I knew early on I had no business riding with this group, even though they’re teammates. I could feel it in my legs in the first five miles, and my power and heart rate numbers confirmed that I was on an unsustainable path. It was a 60 mile ride organized by two of my teammates, Scott and Clay, and they had accurately billed it as “spirited,” with a target of a 20 mph average speed. My initial plan had been to do an easy ride. But the temptation of riding on some of my favorite roads with a good group of teammates was too much to resist. So I went, kidding myself that I would try to do as little work as possible, hoping to strike a balance between a nice long ride and the endurance pace I had planned on.
About 30 miles in we were cruising down Bucks Valley Road, which seems harmless enough since it’s even got “valley” in its name. But my body told me it was done. I had just taken a pull, and when I drifted to the back I kept drifting. It was a decision I had no role in, and whether I wanted to catch on to the back of the group was irrelevant. The engine room was on strike.
Clay saw that I was off the back and moved to the front to dial the effort back. I caught back on.
“Thanks, but y’all roll on. I know these roads. If I come off the back again just keep going,” I told him. But he was having none of it. “We’re teammates and we’re going to keep the group together,” he said.
I tried again. “Look, this was advertised as a 20 mph ride; y’all ought to ride that pace. I’ll be fine. I insist.” He was adamant. “We’re keeping the group together.”
Typically on a ride that isn’t billed as a “no drop” ride you’re on your own. If you can’t hang with the group, you’re responsible for getting home on your own. There’s no ill intent; on those rides the pace isn’t a function of the slowest common denominator. You ride the group’s pace or you ride your own pace — on your own. That’s the deal.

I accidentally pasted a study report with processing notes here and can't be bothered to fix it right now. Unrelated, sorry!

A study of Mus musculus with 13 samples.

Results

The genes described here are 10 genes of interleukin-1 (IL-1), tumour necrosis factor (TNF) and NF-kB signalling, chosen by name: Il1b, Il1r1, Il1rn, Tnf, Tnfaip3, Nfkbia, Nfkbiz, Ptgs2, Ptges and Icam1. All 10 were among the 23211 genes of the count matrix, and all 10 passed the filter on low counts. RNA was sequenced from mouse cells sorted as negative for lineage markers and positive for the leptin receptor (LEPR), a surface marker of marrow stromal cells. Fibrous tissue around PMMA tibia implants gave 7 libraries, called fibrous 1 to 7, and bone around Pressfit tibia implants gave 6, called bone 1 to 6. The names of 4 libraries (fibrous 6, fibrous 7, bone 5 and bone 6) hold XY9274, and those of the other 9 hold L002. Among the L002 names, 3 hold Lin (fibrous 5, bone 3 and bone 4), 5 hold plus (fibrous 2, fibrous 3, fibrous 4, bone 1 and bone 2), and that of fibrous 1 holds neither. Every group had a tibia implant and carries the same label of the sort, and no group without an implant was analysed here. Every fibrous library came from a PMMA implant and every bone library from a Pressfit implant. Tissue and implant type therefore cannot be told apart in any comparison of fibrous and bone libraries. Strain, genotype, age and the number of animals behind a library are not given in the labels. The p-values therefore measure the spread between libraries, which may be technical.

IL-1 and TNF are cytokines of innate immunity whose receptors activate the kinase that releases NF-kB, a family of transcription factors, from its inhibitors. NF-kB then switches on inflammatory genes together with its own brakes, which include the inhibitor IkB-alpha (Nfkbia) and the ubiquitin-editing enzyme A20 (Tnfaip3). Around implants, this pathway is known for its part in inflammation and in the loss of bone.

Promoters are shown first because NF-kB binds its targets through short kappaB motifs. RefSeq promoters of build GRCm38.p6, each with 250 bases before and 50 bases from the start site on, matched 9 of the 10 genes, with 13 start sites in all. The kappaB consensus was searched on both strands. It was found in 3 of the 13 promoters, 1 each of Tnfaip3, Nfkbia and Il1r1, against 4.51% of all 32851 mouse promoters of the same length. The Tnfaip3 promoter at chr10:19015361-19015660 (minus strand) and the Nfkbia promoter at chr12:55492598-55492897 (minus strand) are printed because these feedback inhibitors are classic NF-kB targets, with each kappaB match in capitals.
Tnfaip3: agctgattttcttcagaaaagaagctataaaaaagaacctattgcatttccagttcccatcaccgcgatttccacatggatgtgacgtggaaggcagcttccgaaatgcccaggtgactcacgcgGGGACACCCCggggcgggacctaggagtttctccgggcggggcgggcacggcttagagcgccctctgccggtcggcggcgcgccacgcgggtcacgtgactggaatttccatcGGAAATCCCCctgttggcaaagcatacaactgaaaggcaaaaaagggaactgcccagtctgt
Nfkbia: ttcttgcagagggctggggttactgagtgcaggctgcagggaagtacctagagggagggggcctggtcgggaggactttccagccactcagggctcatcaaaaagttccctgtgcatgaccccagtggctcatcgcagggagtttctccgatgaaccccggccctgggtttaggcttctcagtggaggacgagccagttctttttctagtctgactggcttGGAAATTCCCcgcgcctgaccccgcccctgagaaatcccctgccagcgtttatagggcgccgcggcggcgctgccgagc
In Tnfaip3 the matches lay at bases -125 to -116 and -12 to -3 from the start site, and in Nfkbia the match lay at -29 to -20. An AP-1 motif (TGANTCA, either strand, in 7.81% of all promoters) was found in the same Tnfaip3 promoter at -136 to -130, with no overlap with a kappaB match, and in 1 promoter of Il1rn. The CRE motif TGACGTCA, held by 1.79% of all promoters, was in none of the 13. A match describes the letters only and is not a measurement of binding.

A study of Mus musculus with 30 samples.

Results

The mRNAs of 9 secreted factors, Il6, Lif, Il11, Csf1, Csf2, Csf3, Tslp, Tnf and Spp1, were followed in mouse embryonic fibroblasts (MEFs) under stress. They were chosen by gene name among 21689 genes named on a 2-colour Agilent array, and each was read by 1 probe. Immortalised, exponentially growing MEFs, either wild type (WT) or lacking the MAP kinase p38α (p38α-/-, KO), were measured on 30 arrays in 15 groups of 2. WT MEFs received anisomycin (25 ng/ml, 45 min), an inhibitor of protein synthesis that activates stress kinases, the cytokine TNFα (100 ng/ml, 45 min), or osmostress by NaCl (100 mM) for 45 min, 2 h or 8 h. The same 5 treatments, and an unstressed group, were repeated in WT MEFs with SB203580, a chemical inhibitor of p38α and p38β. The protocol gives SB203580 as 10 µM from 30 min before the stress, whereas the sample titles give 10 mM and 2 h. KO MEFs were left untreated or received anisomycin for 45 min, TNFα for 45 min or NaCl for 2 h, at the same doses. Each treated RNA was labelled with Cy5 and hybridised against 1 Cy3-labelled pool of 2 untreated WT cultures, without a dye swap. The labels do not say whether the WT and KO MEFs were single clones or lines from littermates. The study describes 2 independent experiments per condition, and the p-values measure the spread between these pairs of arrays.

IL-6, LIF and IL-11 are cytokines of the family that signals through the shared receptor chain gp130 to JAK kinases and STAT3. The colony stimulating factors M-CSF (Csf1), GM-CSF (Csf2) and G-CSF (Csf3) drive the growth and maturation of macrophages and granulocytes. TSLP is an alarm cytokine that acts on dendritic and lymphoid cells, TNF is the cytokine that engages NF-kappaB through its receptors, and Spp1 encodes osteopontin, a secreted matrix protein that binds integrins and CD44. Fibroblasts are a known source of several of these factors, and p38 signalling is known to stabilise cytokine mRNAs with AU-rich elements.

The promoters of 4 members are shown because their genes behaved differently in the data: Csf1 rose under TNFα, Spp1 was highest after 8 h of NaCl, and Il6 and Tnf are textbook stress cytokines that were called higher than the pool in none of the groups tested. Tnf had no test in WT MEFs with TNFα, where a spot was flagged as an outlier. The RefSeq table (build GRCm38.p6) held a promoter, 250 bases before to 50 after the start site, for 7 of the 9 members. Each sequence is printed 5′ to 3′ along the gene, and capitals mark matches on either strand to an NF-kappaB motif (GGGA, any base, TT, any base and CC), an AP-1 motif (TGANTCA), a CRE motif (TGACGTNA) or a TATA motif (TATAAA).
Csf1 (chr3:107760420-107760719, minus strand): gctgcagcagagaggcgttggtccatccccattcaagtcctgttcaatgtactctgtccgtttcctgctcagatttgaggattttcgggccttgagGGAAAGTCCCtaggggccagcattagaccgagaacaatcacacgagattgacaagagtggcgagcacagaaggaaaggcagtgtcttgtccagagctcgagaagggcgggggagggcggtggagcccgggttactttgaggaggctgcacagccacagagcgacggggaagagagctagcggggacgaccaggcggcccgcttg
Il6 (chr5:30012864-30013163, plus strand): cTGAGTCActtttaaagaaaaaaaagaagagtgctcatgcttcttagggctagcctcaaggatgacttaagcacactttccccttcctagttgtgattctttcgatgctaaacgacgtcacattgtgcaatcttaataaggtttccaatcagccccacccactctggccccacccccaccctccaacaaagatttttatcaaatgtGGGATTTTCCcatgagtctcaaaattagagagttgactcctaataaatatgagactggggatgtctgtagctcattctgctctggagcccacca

I’m usually adamant in a big group that if I come off the back I’d rather be left than have the group wait or ride slower. And I usually don’t get an argument.
But today was different. Maybe it was because it was a small group, and all but one of us ride for the same team. Maybe it’s because Clay is a Special Forces vet, although this would definitely qualify as the lowest stakes example of “leave no man behind.” We stayed together and had a great ride; I hope everyone else got what they needed out of it.
What I got was a gift of 30 more miles with teammates; I did some work on the back half of the ride but probably less than my fair share. Another gift.
It’s something I’ll remember, on and off the bike, when someone’s being left behind. It usually doesn’t cost much in time or effort to drop back and offer to take a little more than your share of the work.
The ride: Scott and Clay's spirited ride
Terrific article Rick! Oddly enough, before you got to your punchline, I had a feeling your story was going to involve Clay Sanchez. And what you learned today is why many of us count ourselves as very lucky.....when we get to ride with Clay. For the very reasons that you mentioned.
I’m always grateful when someone does this. Or helps to bridge me back up to the group...I can think of many times you or someone on 626 has done that for me. Definitely a gift.